POWAY, Calif. (KGTV) - Two years ago, a gunman opened fire inside the Chabad of Poway, shooting at congregants.
Lori Gilbert Kaye, who was greatly loved in the community, was killed. Three other people, including a young girl, were injured.
Within minutes of the 911 calls, first responders arrived at the scene, including Det. Jess Allensworth with the San Diego County Sheriff’s Department. Allensworth is also part of the team that responded to the Santana High School shooting about twenty years ago.
Upon arrival, Allensworth radioed in information from witnesses as his partner rendered aid to victims inside.
The information he relayed was a description of the suspect who had already left the scene, including his license plate number, information that helped San Diego Police track him down and make the arrest.
He later went in to assist his partner with rendering aid to victims.
"I was supposed to be off that day, but I was working overtime. I was on my way to a disturbance call when the call came out that there were people running and screaming from the Chabad, and it sounded like gunfire," he said. "When we arrived, we could see people running everywhere, and obviously, it was people from inside."
Allensworth and other deputies were later honored for their heroic actions by the Anti-Defamation League.
It wasn’t his first time at the synagogue. Several months earlier, he taught an active shooter safety training course at the Chabad of Poway after a deadly synagogue shooting in Pittsburgh.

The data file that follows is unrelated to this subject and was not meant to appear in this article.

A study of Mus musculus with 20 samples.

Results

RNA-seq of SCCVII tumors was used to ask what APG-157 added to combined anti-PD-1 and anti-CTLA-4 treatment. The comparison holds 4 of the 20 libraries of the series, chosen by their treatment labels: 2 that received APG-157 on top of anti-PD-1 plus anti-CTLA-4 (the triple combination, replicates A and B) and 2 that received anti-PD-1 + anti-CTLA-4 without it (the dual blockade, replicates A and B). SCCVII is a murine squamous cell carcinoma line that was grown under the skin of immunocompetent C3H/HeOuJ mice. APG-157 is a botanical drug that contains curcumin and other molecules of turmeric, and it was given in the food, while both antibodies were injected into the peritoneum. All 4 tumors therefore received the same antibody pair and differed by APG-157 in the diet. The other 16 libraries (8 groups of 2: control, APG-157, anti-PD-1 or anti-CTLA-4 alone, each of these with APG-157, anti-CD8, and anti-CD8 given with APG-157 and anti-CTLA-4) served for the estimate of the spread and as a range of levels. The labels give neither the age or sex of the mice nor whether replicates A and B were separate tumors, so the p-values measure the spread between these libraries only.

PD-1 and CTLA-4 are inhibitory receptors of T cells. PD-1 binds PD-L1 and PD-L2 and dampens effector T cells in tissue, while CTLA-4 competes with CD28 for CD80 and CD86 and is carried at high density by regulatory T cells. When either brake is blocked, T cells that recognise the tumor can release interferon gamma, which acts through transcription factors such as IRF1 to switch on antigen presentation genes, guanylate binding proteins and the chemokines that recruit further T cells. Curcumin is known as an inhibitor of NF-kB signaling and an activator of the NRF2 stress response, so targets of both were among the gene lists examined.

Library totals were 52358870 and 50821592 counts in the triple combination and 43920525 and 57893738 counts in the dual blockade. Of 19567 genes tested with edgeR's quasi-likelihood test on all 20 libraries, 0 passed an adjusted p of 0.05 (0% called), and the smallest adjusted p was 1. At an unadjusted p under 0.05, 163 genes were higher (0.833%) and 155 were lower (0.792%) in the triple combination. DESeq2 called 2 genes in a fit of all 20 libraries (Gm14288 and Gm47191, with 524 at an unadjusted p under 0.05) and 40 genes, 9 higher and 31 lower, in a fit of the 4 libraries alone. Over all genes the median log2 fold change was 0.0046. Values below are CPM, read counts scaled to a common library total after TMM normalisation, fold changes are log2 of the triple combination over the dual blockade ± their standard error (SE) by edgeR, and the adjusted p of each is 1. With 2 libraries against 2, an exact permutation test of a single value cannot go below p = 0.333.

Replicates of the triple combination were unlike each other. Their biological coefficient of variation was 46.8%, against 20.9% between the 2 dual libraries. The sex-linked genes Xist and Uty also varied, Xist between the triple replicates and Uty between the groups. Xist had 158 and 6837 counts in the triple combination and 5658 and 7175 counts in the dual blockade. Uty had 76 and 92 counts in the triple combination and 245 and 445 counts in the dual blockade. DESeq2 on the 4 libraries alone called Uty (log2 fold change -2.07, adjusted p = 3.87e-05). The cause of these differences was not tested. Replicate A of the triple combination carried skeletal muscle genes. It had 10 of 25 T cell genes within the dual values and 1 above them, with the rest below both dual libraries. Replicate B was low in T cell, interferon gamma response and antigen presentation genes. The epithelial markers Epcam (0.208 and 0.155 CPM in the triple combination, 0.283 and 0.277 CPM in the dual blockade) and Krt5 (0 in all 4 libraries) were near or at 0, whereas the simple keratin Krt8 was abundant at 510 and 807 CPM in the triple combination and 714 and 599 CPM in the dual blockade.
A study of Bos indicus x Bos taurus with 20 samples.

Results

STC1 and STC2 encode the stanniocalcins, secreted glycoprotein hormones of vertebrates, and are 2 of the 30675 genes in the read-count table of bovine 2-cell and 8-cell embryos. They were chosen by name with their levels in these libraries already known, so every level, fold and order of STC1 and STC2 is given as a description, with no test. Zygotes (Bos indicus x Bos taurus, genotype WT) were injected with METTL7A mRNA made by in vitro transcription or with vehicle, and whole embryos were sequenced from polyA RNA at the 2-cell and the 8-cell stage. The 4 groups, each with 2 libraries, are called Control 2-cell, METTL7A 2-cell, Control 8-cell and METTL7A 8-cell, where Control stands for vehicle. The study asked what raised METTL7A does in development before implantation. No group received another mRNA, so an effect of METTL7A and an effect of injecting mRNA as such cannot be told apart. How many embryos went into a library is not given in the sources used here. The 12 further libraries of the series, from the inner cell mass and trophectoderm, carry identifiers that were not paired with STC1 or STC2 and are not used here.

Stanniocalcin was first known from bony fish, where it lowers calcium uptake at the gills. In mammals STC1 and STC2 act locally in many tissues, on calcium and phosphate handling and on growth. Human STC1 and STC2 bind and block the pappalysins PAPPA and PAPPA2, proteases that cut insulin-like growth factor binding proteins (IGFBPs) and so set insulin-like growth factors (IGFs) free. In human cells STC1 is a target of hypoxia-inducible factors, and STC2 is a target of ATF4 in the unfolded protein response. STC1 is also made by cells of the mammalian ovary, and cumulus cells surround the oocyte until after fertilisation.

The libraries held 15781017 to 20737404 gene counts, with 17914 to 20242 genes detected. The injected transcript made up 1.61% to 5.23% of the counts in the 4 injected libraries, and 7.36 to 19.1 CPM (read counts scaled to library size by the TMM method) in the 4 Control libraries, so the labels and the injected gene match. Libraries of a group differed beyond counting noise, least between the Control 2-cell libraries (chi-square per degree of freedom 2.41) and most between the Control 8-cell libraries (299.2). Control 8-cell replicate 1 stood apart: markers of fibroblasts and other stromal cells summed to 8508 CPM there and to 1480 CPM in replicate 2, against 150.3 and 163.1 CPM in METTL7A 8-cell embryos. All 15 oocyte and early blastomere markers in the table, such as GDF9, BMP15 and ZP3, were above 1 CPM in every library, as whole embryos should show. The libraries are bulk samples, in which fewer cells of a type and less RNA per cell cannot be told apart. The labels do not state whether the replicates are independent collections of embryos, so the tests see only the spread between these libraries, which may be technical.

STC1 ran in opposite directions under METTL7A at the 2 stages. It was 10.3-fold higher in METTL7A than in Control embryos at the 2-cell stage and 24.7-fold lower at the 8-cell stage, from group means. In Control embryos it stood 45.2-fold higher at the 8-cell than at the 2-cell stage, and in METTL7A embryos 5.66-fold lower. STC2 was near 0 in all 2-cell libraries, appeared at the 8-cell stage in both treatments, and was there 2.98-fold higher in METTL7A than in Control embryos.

He trained people on identifying red flags and what to do in an active shooter situation.
One of the congregants who participated in that training was also there during the shooting.
"He told me later after the shooting that based on what we discussed in that training, is one of the reasons why he stopped, went back, and confronted the suspect," said Allensworth. "I personally feel that he saved a lot of people."
Allensworth says confronting the suspect should always be the last resort option, like if you’re trapped and have nowhere to go or hide.
He trains people with the Run, Hide, Fight method.
"You see something bad, you run, get away from it," he said. "You’re going to hide the best you’ve ever hid."
If it comes down to it, fight: “You’re going to fight with everything you got, and anything around you’re going to use it as a weapon," he said.
The sheriff’s department offers a free active shooter preparedness course to schools, houses of worship, businesses, and more within their jurisdiction.
“People are afraid to talk about it in their homes like if we don’t talk about it, it won’t happen, but unfortunately it’s happening, so it’s always best to have that plan,” he said.
People interested in the course offered by the department should call and ask to speak to a Crime Prevention Specialist.